Report card season
By Judianne Jayme
We are now entering one out of three times each year when it’s best to understand any family or friends you may have who happen to be in my profession. Give them a hug. Make them some tea when they get home. Ask them how their day was – and genuinely listen. This is a challenging few weeks known informally as report card season.
This is the time when teachers gather their assessment notes over the past few months and compile comments that describe each and every single student they teach. This applies to the nursery and kindergarten teachers who usually have not one, but two sets of students. This applies to the high school teachers who have to teach their subjects to multiple classes worth of kids. This also applies to the elementary school teachers, such as myself, who teach only one class, but teach them up to seven subjects, sometimes at two different grade levels, each subject needing strengths, challenges, and next steps.
It’s a lot more challenging that it may appear.
Parent tip: apples to oranges – Don’t compare children!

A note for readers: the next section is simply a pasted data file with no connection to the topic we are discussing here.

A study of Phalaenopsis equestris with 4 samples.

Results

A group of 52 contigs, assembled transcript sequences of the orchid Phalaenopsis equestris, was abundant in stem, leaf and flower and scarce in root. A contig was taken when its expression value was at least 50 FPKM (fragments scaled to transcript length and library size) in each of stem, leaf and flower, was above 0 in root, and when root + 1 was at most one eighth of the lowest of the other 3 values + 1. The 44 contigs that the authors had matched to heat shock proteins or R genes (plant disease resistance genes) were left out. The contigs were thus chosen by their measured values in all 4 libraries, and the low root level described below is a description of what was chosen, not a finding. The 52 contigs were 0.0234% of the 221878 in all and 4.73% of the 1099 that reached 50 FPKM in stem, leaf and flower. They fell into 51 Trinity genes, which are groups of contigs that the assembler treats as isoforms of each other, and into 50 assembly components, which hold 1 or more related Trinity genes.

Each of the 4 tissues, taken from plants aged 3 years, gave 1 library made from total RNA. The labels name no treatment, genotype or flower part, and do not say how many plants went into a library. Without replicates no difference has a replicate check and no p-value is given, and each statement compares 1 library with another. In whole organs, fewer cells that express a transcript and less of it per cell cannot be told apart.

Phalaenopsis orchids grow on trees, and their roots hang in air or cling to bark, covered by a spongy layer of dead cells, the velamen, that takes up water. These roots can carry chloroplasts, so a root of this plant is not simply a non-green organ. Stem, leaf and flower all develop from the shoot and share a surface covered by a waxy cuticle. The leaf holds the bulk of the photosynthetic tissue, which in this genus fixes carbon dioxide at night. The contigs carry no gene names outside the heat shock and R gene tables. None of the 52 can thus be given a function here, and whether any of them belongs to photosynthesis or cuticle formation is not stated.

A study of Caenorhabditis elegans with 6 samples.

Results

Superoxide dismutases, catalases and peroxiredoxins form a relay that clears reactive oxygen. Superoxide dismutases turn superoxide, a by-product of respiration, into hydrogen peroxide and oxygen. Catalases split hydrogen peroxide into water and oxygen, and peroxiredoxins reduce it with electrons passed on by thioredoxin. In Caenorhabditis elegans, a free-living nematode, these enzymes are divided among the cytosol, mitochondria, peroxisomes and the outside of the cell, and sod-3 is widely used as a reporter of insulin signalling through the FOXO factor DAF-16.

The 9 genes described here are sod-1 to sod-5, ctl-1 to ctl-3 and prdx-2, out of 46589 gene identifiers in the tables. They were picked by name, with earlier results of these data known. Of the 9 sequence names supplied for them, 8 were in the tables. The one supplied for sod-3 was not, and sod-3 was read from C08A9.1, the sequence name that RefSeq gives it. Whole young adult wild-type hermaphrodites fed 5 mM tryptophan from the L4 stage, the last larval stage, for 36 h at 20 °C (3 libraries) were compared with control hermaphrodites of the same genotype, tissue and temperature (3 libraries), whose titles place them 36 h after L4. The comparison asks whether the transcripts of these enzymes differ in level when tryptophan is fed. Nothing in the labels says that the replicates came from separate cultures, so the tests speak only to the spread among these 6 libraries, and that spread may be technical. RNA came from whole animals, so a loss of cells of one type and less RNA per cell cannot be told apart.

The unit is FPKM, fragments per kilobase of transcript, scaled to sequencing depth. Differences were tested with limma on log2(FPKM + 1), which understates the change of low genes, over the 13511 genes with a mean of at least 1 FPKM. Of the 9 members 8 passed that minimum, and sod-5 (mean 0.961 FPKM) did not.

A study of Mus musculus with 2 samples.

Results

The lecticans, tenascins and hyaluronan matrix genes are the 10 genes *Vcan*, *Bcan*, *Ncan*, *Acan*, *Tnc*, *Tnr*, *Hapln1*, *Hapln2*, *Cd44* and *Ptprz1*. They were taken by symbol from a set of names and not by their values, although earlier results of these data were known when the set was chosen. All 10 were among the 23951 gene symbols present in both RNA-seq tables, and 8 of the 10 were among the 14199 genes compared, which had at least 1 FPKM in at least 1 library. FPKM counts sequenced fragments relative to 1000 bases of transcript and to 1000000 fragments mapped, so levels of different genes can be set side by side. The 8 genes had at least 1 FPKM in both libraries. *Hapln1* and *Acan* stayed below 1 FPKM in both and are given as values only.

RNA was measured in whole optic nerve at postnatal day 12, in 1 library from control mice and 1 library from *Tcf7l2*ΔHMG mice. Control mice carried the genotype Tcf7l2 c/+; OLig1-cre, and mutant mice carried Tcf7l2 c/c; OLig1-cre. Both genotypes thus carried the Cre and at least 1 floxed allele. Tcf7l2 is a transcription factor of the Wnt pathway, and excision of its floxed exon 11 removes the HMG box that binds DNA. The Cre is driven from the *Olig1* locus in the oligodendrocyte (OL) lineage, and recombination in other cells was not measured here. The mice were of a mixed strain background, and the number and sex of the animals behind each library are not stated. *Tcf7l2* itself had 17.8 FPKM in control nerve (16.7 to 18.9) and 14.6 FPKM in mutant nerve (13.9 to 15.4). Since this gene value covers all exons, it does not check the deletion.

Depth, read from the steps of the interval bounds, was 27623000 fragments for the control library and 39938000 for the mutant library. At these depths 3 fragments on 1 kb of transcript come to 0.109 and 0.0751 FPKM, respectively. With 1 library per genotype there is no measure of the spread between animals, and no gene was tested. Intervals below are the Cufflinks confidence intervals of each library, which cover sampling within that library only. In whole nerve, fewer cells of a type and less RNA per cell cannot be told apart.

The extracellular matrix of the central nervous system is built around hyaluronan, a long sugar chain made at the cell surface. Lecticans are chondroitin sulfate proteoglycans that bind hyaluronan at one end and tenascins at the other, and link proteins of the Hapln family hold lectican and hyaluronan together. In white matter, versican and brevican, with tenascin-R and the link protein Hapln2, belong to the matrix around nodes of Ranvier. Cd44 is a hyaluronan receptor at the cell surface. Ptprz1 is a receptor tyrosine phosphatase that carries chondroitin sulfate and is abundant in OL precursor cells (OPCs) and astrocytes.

Something to consider when you get your child’s report card: focus on their growth. Education is a process of progress. Students very rarely achieve perfect marks. The report card is feedback, which is used to frame the next steps for each learner. Focus less on the number, and focus on how much they’ve progressed as a learner.
This is feedback I get every year from my students. They feel the pressure to perform better than their siblings. While competition can be healthy, and in most cases it is used to inspire children, we must be careful to not criticize students to the point that it affects their self-esteem. Proceed with caution if you compare children to each other. Everyone has strengths in different fields. A strong reader and writer may not be as strong in the sciences. It does not mean that he or she is “smarter” than another child. Students are brilliant in different ways.
I will leave you with a quotation that has become a daily reminder for me when assessing and planning for instruction:
“Everybody is a genius. But if you judge a fish by its ability to climb a tree, it will live its whole life believing that it is stupid.” – Albert Einstein
Forgive the shorter length of this piece. I’ve got some report cards to attend to. I could also probably use a hug and some tea. ☺
Judianne Jayme is a third year educator teaching sixth grade in the Winnipeg School Division.